The UK housing market cooled down on the heels of the EU/Brexit referendum vote, but that hasn't stopped M&A activity around property market companies. Property portal Zoopla -- a leader in the UK market with 50 million visits across its apps and sites, and 25,000 business partners integrated with its platform -- has announced that Silver Lake has made a cash offer of 490 pence per share for the company, equivalent to about £2.2 billion ($3 billion at current rates).
The figure represents a doubling of the company's valuation since it went public in 2014 at a valuation of $1.5 billion (it trades as ZPG on the London Stock Exchange). It's also a 30 percent premium on the company's last closing price.
Zoopla will still have to put the offer to the vote of shareholders and meet other regulatory approvals before the deal is sealed. So far, the company directors -- led by CEO Alex Chesterman, who founded the company in 2007 -- and significant shareholder DMGT (the Daily Mail group), which owns about 30 percent of Zoopla -- have both endorsed the offer.
"Silver Lake is the global leader in technology investing and I am firmly of the belief that ZPG will benefit from their technology expertise and global network which will help accelerate our growth," Chesterman said in a statement. "The terms of the Acquisition represent an attractive premium that recognises the quality of ZPG's businesses and the strength of its future prospects and allows shareholders to realise today in cash the potential future value of their holdings. I am very excited about the opportunity this offers to our employees, customers and partners as we move to the next stage of ZPG's development and growth."
Zoopla said that Silver Lake first entered negotiations with it on April 16. The two parties kept the deal very quiet. There was a surge in Zillow's share price last week, although this might have been due to the company selling the Australian division of one of its analytics subsidiaries, Hometrack, to Australian group REA for £71 million.
In its acquisition offer announcement, Zoopla did not provide any updated figures on its financials. It is due to report half-year results on May 23. In fiscal year 2017, Zoopla reported £244.5 million ($331 million) in revenues, up 24 percent on the year before, with £37.4 ($51 million) million in profit.
As a point of comparison, this puts Zoopla at a just over a quarter of the size of its similarly-named US counterpart Zillow, which this week reported revenues of $299.9 million for the previous quarter. The US company has a market cap of $7.32 billion and is trading slightly up before the market opens.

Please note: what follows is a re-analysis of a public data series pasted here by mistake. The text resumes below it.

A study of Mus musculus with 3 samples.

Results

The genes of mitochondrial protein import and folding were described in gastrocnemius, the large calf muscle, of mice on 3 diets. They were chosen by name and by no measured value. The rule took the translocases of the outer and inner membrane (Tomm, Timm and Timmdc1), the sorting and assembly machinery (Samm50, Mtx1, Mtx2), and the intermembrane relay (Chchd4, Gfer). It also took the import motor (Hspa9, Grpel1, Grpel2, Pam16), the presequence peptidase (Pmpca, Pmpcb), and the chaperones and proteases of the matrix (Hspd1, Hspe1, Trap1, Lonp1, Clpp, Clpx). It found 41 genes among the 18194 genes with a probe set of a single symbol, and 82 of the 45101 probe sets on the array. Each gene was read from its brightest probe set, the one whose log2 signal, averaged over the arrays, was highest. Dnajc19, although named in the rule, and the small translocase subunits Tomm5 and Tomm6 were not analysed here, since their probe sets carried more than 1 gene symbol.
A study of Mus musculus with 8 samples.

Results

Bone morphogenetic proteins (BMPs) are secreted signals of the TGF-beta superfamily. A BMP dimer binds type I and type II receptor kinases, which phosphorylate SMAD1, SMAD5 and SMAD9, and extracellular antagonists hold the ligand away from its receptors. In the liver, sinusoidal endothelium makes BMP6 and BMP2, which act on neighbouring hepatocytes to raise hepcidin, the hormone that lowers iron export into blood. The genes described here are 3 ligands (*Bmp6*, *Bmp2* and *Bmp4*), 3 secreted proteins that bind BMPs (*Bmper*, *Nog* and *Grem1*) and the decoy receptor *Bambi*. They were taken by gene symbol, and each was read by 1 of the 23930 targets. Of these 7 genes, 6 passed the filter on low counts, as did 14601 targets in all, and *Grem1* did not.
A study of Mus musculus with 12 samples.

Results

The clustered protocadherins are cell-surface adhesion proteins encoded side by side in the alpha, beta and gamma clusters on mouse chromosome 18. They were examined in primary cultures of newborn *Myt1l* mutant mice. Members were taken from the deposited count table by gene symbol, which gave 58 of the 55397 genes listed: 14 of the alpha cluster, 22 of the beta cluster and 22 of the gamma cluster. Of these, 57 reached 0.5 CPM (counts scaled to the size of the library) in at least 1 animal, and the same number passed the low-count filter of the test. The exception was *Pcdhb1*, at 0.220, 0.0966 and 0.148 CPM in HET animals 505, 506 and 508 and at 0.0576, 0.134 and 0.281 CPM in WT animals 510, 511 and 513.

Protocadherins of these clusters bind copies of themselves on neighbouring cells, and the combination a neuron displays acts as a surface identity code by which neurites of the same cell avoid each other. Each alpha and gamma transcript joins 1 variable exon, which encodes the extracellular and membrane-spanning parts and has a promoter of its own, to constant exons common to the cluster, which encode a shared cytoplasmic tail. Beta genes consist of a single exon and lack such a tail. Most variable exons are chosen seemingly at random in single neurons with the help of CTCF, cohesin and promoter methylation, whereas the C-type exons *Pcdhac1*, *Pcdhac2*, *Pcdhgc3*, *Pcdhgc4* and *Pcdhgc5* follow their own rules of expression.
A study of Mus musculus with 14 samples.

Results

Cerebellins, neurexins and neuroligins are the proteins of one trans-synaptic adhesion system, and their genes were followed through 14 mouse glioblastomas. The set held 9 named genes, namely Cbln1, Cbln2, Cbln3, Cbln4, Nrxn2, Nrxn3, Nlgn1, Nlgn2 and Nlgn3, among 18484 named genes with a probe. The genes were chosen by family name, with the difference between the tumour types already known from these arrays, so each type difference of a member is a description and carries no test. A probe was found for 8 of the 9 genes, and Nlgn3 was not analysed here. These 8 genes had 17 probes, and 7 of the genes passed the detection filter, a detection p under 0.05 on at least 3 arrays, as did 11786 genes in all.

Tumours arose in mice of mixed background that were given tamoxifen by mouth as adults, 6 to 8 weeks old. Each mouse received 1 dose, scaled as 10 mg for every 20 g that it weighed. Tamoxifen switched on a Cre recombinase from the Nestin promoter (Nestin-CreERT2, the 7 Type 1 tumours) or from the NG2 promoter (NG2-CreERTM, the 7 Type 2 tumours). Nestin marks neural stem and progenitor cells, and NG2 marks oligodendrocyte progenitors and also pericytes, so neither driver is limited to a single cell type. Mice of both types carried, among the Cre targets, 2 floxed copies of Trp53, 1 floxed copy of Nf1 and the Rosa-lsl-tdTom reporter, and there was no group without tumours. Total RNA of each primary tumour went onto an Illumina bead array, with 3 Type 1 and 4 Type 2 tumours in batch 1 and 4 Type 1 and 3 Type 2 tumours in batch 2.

Zoopla is one of the biggest property portals in the UK, with several other brands including uSwitch, Money, PrimeLocation and SmartNewHomes under its wing.
Competing against the likes of Rightmove, the company grew quickly by tapping into the UK house-buying and selling boom, particularly in London and the southeast, and by the huge shift that we've seen in the property market, where people start their initial searches both for homes -- and to figure out the many other aspects of moving (such as what you can afford, purchasing insurance, finding mortgages and more) -- online.
Like Zillow in the US, Zoopla's primary business lies in providing a portal where people can search for homes and commercial property to buy or rent in the UK and abroad. It gets a cut on referrals and for providing service to real estate agents, who use the service to help their properties get more visibility.
In addition to this, the company offers other property related services such as valuation calculators, property market analytics and other business intelligence tools for those in the property industry, such as business leads. Other brands in this second category include Hometrack, Calcasa, TechnicWeb, Ravensworth, Alto, Jupix, ExpertAgent, PropertyFile and MoveIT.
- This article originally appeared on TechCrunch.